Three Seas is a joint undertaking of 12 EU Member States in Central and Eastern Europe. It is designed to accelerate the development of energy, transport and digital infrastructure in order to increase the region’s economic growth, reinforce its economic resilience and further the vision of an integrated, cohesive and undivided Europe.

The decision to reschedule the event was the only one organisers could make in the light of the crisis the world is currently facing. Ensuring people’s well-being and safety and contributing to the prevention of the spread of coronavirus are the top priorities at present.

President Kersti Kaljulaid of Estonia says that the organisers of the summit are keeping a close eye on developments around the world. “The spread of coronavirus shows us that countries must be able to work together,” she said. “Investments in the Three Seas region will be more important than ever once the crisis has abated. Developing infrastructure in the transport and energy sectors and implementing the full potential of digital solutions will be of critical value in achieving new economic growth.”

Those who had already confirmed their attendance of the Three Seas summit and business forum include Managing Director of the International Monetary Fund Kristalina Georgieva, United States Secretary of Energy Dan Brouillette, European Commissioner for Transport Adina Valean and President Frank-Walter Steinmeier of Germany. Naturally, the presidents of all of the countries in the Three Seas initiative are also expected to attend the event. Names will continue to be added to the list of attendees over the coming months, as preparations for the summit continue apace.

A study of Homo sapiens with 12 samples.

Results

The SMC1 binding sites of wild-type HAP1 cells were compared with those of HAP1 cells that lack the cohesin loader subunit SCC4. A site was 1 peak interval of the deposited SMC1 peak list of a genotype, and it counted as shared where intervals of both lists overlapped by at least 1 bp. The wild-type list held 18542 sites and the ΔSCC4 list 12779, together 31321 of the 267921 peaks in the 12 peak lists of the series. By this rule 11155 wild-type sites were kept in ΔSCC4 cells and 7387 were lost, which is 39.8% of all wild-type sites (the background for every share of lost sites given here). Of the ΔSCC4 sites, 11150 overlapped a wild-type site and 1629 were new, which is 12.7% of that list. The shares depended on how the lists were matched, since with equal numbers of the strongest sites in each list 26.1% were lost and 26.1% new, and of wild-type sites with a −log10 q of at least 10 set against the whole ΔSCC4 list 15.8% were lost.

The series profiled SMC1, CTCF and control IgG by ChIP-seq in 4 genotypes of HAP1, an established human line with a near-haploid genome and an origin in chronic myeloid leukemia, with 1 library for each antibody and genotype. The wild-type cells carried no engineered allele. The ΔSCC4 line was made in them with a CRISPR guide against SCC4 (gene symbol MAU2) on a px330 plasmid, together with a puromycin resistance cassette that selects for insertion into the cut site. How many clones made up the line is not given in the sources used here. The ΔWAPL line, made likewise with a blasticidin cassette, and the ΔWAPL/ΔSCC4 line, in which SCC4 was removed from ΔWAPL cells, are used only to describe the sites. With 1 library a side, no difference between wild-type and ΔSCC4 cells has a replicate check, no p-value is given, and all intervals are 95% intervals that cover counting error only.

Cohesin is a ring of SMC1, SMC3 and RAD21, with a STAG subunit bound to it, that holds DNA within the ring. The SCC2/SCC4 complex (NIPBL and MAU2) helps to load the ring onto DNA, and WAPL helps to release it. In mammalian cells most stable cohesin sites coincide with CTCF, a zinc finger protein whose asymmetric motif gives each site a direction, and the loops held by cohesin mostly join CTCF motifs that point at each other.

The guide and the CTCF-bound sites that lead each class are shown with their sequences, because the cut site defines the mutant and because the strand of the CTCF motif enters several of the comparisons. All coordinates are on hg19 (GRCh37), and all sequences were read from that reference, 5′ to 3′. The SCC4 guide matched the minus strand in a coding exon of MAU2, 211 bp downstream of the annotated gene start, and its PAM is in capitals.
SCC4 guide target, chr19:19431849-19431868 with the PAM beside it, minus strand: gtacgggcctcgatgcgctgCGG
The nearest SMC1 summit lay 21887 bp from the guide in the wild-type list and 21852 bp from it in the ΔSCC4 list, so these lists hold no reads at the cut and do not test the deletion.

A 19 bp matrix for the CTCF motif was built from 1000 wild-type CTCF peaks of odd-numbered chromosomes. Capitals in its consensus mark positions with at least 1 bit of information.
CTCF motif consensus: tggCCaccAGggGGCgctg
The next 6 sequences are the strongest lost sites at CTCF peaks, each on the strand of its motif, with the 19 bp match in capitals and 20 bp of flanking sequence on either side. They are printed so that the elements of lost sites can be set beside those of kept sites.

The summit and forum will draw international attention to practical and topical questions being asked in the Three Seas region, including:
- What sort of infrastructure investments will boost economic growth in the region?
- What sort of developments does the region’s transport infrastructure need in order to benefit from technological innovation and narrow the gap that still exists between Central and Eastern Europe and Western Europe?
- How can the energy networks of the Three Seas countries be connected to one another and to the rest of Europe? How can we move towards a single European energy market?

As might be expected of an event of this kind being held in Estonia, the Tallinn summit will focus on digital themes and smart connectivity.